Service Mesh, Containers, Kubernetes
Wednesday, October 27, 2021
Microservices continue to grow as an architecture for building complex systems. To test microservices, you can use many of the same technologies and techniques used for testing other applications, including API testing. Microservices use well-known technologies, such as REST or queues, for which there are well-established testing tools and best practices. Your infrastructure probably already includes some of these capabilities, whether you’re working onsite or in the cloud.
The unique challenge with microservices is the sheer number of services and their web-like interdependencies that make up an application. With different architectures and protocols employed in microservice development (like Kafka, RabbitMQ, REST, and gRPC), microservices introduce new testing challenges, such as understanding how to effectively monitor event flows.
Join this session to learn key steps to automate testing for orchestrated and reactive (event-driven) architectures, including how to:
Establish a process for testing synchronous and asynchronous event flows.
Monitor event flows to identify and trace messages for validation.
Use simulation to overcome manual steps in an automated test scenario.
Utilizing a public cloud like AWS, Azure and others is relatively easy, but building a private cloud for financial systems and applications requires a comprehensive approach from design and security to operation of that private cloud. Fiserv has created a private cloud to host various financial APIs that serve approximately 800 banks in the US. Follow our journey in creating a private cloud and enabling tools for observability and managing it.
Continuous Integration/Continuous Delivery (CI/CD) platforms such as Jenkins, Bamboo, CircleCI and the like dramatically speed deployments by allowing administrators to automate virtually every process step. Automating the data layer is the final frontier. Today, hours are wasted manipulating datasets in the CI/CD pipeline. Allowing Kubernetes to orchestrate the creation, movement, reset, and replication of data eliminates dozens of wasted hours from each deployment, accelerating time to market by 500X or more. Using real-life examples, Jacob Cherian, CEO of ionir, will describe the architecture and implementation of a true ‘Data as Code’ approach that allows users to:o Automatically provision compute, networking and storage resources in requested cloud provider / BM environments. o Automatically deploy the required environment-specific quirks (specific kernels, kernel modules, NIC configurations), o Automatically deploy multiple flavors of Kubernetes distributions.o Apply Kubernetes customized deployment (Feature Gates, API server tunables, etc ) o Automate recovery following destructive testing o Replicate datasets to worker nodes instantl The whole point of DevOps is to enable rapid iteration, yet the model falls apart when it comes to moving data through the pipeline. Jacob will discuss how container-native storage and data management solutions can enable truly continuous integration and delivery, allowing organizations to quickly make the changes that serve their customers and provide market differentiation.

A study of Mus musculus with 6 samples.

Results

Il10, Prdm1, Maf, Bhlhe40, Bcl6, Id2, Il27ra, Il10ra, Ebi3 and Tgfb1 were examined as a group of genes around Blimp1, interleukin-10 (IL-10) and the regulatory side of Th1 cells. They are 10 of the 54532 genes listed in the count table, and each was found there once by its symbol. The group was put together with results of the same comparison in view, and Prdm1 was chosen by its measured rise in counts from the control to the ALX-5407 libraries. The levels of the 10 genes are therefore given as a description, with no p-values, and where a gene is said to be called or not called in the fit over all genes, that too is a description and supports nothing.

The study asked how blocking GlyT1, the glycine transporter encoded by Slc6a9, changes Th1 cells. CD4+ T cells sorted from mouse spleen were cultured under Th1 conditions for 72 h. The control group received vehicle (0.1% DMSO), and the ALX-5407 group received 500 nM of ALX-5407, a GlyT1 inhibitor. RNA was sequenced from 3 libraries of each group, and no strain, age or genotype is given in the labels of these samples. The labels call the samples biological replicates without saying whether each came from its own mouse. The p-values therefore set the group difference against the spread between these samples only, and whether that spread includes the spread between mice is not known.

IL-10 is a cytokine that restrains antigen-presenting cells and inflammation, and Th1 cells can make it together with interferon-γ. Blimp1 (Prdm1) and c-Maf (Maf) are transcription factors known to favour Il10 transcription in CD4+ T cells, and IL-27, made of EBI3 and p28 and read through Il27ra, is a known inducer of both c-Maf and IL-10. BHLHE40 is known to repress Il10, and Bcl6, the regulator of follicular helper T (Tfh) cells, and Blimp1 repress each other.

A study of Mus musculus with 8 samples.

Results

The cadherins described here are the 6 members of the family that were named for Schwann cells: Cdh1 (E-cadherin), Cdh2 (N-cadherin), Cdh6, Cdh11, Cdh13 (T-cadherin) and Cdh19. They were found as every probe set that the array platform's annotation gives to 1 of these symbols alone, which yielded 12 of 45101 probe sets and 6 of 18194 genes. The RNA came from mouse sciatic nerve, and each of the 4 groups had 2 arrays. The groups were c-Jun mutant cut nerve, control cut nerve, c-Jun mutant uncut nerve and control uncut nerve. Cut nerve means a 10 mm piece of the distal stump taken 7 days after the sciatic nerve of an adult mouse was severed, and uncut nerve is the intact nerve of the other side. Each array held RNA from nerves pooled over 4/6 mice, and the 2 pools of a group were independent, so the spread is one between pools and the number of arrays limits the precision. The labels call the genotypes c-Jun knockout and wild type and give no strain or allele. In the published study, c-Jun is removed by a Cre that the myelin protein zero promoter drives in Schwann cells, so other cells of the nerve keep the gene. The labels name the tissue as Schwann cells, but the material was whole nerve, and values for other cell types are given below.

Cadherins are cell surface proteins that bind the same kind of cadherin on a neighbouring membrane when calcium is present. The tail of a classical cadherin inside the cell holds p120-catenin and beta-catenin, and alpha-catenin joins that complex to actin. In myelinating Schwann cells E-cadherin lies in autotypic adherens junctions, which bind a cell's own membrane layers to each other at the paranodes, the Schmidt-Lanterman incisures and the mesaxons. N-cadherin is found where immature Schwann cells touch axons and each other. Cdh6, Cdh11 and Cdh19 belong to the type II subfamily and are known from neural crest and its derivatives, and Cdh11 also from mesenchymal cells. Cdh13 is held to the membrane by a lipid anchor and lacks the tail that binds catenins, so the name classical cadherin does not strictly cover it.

Interested in adopting a service mesh? This talk will quickly review the few service mesh projects and dive deep into the dominant service mesh and some adoption best practices and pitfalls to help you jumpstart your adoption of a service mesh. This talk is for users who are interested in getting started with service mesh but not sure where to start. This talk will teach users how to select a service mesh and how to get started with the service mesh, along with some challenges in adopting a service mesh and why service mesh may or may not not be right for you.
Microservices are becoming more and more prevalent in modern day cloud-native deployments. Even with cloud-native container-based microservice deployments, there can be challenges with consistent and reliable support for L7 metrics, rate limiting, traffic load splitting, circuit breaking, canary deployments, etc. Service Meshes address these issues. The Service Mesh framework takes care of the service discovery, service identity, security, traffic flow management and policy enforcement of each service. In this session, the attendee will learn what common application/service pain points (mess) a Service Mesh can resolve, what a Service Mesh is, how it integrates with Kubernetes and how various microservices can leverage a Service Mesh for things like service discovery and traffic flow management. Linkerd, Envoy and other service mesh types and components will be discussed.
Thursday, October 28, 2021
The Cloud Native Computing Foundation (CNCF) bought you such fan favorites like Kubernetes & Prometheus. In this talk Annie Talvasto will introduce you the most interesting and coolest upcoming CNCF tools and projects.This compact and demo-filled talk will give you ideas and inspiration that you can 1) discover new technologies and tools to use in your future projects as well as 2) be the coolest kid in the block, by being up to date with the latest and greatest.